Stray Cats, The Pretenders and ZZ Top
This was the Stray Cat’s first tour in a decade. No one has really cared about the The Pretenders since the early 80s. ZZ Top has maintained their original members for more than 35 years. What do these three aging bands have in common? Well, besides having songs on Guitar Hero, they make a great bill for a nostalgia tour and people will be willing to pay at least 30 bucks for a ticket.
That being said, I was stoked to see the Stray Cats. After all, the band invented rockabilly and Brian Setzer can play the shit out of a guitar. Unfortunately, their set was incredibly short—a little over a half hour—I suppose that’s what happens when you don’t gain stardom via MTV. Although I thought their set was way to short, they did play a lot of my favorite songs--“Rock This Town,” “Fishnet Stockings” and “Blast Off” were some of the highlights of the set. Age hasn’t worn Setzer’s voice, but none of the Stray Cats seem to be able to pay quite as fast as they could in the early 80s. Although I found myself singing too fast during certain parts of their songs, I wasn’t disappointed by it at all. I was seeing the fucking Stray Cats, a band that defined the rockabilly genre. It just goes to show that if you put a handful of amazing records out, people will pay to see you even as your talent starts to slip with old age.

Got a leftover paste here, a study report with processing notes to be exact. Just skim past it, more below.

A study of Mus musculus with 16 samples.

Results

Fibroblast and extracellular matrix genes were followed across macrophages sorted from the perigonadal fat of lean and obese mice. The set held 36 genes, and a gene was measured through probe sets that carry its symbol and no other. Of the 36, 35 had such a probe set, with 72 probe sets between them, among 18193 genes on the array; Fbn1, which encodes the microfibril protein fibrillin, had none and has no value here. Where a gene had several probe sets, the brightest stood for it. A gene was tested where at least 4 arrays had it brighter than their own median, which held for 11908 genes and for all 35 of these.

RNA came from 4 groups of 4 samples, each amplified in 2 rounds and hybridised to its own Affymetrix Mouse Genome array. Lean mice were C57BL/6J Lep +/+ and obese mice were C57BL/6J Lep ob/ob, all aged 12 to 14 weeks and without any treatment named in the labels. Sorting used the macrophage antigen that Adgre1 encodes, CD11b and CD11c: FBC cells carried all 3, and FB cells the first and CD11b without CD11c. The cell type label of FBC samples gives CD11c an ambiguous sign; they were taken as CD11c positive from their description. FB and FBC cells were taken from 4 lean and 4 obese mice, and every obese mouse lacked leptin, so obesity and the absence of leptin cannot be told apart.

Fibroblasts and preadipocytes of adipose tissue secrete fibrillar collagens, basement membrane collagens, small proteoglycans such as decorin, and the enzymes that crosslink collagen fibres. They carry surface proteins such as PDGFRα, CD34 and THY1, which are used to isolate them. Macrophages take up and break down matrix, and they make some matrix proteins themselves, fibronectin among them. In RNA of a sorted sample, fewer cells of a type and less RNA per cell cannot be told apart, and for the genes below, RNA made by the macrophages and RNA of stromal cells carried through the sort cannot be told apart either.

During The Pretenders and ZZ Top, I hung out on the lawn—so far away from the stage that both bands looked flea-sized. Throughout The Pretenders set, Chrissie Hynde joked with members of the crowd that she’d be down to smoke with them during ZZ Top. It was slightly amusing, especially due to the massive drug problems the Pretenders dealt with in their early years as a band. The majority of the crowd on the lawn seemed slightly bored with the band and spent a great deal of time letting their conversations drown out the music.
As ZZ Top took the stage, the sun was finally starting to set over USANA. Although I was never a huge fan of ZZ Top, their performance pleased many. During their set, the stage was illuminated with flashing lights and fog machines and the concert took on more of the feel of an ampitheater show––slightly cheesy and very impersonal. ZZ Top’s sound has also remained intact over their almost 40-year existence and by the tail end of their set, fans who had paid upward of $100 for their tickets as well as those who had only forked out enough cash for lawn seats, were rocking out. I’m not sure if the show was worth $100 (not including the eight dollar beers that the majority of the crowd seemed to be consuming) but aging rock stars have to pay their mortgages off somehow.